As cliche as it may be, it’s often true that college students love free food (or at least, this former college student sure did). There are many ways churches can meet this need. Maybe it’s church-wide potlucks that get special promotion to college students so they know they’re welcome whether or not they provide a dish to pass. Maybe it’s a college-specific ministry that has a Pizza and Movie Night once a month. Maybe it’s supper clubs that meet at people’s houses and provide college students with a chance to get off campus and eat a home cooked meal.

In addition to the basic need of food, most students spend at least some of their time studying. One way my church (Encounter Church in Kentwood, MI) has sought to bless college students is to open its doors for Cafe Day. Scheduled around the time of exams, it’s a day for students to use the church as a free study spot. We make lattes in our cafe, volunteers provide soup, sandwiches, and desserts galore, and people spread out all over the building to study or write papers. It’s a simple way for us to offer our building as an alternative to studying on campus or in pricey coffee shops.

For churches that don’t have many college students in attendance or are not geographically near schools, there are still things that can be done. Pairing up students with prayer partners can be meaningful for both parties. Care packages with items as simple as note cards, mints, tissues, etc. can be a source of encouragement. Even if it’s anonymously and from afar, individuals and churches can pray for students, professors, and campus life in general.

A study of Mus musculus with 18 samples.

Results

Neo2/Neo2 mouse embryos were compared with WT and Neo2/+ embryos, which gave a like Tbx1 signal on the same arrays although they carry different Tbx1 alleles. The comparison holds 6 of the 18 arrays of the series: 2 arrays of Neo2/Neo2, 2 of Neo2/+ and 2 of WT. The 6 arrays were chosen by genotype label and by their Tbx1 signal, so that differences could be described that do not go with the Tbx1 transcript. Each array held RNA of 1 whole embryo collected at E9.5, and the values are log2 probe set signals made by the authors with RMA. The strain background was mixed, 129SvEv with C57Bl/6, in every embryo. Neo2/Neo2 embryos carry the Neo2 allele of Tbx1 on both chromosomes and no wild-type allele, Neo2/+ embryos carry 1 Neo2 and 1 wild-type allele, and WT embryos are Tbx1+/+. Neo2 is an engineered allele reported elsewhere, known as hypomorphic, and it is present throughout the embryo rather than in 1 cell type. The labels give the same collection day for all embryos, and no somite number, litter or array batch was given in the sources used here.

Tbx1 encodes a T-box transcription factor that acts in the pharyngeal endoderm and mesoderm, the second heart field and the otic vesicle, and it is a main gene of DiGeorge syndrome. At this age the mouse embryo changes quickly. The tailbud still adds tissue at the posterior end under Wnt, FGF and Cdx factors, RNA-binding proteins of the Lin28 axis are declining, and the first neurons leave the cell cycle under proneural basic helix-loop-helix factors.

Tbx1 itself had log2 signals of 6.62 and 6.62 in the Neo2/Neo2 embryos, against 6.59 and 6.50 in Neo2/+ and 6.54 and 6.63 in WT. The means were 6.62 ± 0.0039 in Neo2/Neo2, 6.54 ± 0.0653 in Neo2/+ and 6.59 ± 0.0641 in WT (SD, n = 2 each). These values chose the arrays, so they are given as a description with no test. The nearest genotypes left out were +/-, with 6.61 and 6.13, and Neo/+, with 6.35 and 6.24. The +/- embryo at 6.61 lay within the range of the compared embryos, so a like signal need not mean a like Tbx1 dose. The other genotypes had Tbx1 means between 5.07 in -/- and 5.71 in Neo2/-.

Most of these are physical, tangible ways churches can be involved in the life of students. The seemingly small, simple act of getting to know the college students in our churches can be incredibly powerful as well. Whether they’re students who attend only during the school year, only during the summer, or year round, taking the time to learn the names, schools, and majors of the students in our midst is a great first step in making them feel truly welcome–not as some foreign “other” or “student,” but as a crucial part of the life of the church. The busyness and complexities of college may make being truly involved in a church difficult or unappealing for some, but there is still much that can be done to encourage and affirm students just as churches seek to support elderly people or young families.

What ways have you seen churches come alongside college students?

This post originally appeared on the YALT blog


Thanks for the reminder about college students! Our church participates an English language partner program in which church members are paired with international students to meet regularly for the purpose of practice in speaking English. In the past, as an InterVarsity staff worker, I was always blessed to have my church, with its close proximity to the campus, allow us to use space for various events. It gave many students a very positive view of the church with fond memories of special events there. One year I volunteered for a program where students and church members signed up, agreeing to be paired up for "two meetings and a lunch". It was a great way to connect more deeply with a student who was a part of our church, but whom I had never really talked with before.